HALSTEAD —There is an untold story in the history of the Civil War, the history of women like A.J. Luther of Elwood, Kansas. Luther died in 1863 in the Battle of Vicksburg, Louisiana. She died with the rank of Sergeant.

It is known that women prepared bandages, cared for the sick and wounded and did laundry during the Civil War. What is lesser known is that as many as 1,000 women served as soldiers — fighting for either the Union or the Confederacy. 

"It is sort of the best-kept secret that women were even involved in the civil war," said Diane Eickhoff, an author and historical researcher. "When most people think of the Civil War they think of Grant, (George B.) McClellan and all the other heroes of the war and they do not give credence to women who were absolutely vital to the success of the war in many different ways," 

Eickhoff, an independent author and editor, and her husband, Aaron Barnhart, will both host “Women Soldiers of the Civil War”  at 7 p.m. July 17 at the Halstead Public Library, 264 Main St., Halstead.

“This program evolved out of a single slide that often brought an earlier Speakers Bureau talk of mine to a standstill,” Eickhoff said. “People are as fascinated as I was to learn how so many women were able to disguise themselves as men — and to learn about their different motives for entering the battlefield.”

The program will follow the stories of indvidual women who fought in the Civil War.

Eickhoff spent about 15 years researching the era, writing a book about Clarina Nichols, who she calls the "political mother of Kansas." Clarina Nichols was a crusader for women's rights. During that research she started to get interested in women prior to the Civil War and what the war's impact was upon them.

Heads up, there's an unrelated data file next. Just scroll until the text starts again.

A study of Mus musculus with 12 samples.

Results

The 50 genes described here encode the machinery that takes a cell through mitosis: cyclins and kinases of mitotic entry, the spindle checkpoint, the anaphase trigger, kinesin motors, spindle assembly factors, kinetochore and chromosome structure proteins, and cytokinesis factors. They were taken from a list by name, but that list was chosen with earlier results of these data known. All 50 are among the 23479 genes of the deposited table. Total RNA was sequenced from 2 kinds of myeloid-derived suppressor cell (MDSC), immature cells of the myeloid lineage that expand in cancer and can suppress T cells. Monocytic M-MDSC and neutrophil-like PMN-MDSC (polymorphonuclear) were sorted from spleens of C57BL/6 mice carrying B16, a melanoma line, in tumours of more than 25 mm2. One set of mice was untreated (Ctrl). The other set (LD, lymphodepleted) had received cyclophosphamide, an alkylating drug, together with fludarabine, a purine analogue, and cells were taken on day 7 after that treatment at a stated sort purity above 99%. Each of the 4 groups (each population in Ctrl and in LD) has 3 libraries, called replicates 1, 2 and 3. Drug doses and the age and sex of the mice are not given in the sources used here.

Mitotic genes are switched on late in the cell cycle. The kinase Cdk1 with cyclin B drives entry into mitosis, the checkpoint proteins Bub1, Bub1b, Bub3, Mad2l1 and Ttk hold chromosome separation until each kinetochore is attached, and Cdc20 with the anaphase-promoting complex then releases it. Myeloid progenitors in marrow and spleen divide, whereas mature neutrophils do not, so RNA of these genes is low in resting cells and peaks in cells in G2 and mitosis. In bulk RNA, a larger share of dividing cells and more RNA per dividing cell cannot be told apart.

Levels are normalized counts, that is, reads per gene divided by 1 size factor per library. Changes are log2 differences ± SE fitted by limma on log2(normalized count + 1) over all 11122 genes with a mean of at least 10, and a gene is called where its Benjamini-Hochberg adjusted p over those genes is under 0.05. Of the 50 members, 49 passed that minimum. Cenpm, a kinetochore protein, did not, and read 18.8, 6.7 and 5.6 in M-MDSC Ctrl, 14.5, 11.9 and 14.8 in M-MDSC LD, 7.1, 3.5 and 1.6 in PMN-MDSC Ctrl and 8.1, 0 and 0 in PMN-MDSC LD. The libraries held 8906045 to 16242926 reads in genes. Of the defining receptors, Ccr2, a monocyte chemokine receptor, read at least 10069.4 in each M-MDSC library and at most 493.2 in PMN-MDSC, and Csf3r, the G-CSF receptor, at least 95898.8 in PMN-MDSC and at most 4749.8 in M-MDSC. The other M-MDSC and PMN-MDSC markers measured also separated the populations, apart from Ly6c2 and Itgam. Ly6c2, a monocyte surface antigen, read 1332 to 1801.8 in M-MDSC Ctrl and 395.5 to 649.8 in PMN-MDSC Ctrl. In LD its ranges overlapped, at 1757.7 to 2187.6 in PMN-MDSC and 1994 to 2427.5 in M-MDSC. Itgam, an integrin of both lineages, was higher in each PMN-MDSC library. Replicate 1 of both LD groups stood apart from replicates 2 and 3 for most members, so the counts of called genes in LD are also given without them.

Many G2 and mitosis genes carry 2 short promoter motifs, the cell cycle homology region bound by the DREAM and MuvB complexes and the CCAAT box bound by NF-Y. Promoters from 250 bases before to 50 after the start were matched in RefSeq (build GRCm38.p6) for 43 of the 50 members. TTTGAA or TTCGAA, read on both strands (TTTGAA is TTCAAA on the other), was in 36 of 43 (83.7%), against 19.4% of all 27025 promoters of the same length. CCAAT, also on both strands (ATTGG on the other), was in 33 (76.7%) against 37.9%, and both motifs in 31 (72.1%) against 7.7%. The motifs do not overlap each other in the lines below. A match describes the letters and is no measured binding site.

She started researching the ways women supported the war efforts.

"Women were active during the Civil War. I discovered these amazing women who actually put on men's trousers, cut their hair and bound their breasts to pose as soldiers," Eickhoff said. "At that time there was no physical examination for soldiers. You went and sort of recruited yourself to serve. That is what these women did."

During the Civil War, hundreds of women cut their hair and donned men’s clothing to report for duty to Union and Confederate Army recruiters. Others served as scouts and spies or rode with their husbands and brothers in service. The presentation will explore a time when there was a great emphasis on women’s and men’s separate roles in society.

One of the reasons that attracted women to combat was they were paid the same as men — 50 cents a day.

"They were successful as other soldiers," Eickhoff said. "They favorably compared to male soldiers and were even promoted at a slightly higher rate than their male counterparts. They served in all the major battles of the Civil War. ... These women were not feminists. They were not politically motivated. Probably most of them were doing it for the money. For the first time in their lives they were earning the same amount as men doing comparable work. ... They were either needing to support families or they were also looking for (adventure). These were adventurous women."

Members of the community are invited to attend the free program. Contact the Library at 316-835-2170 for more information. The program is made possible by Humanities Kansas.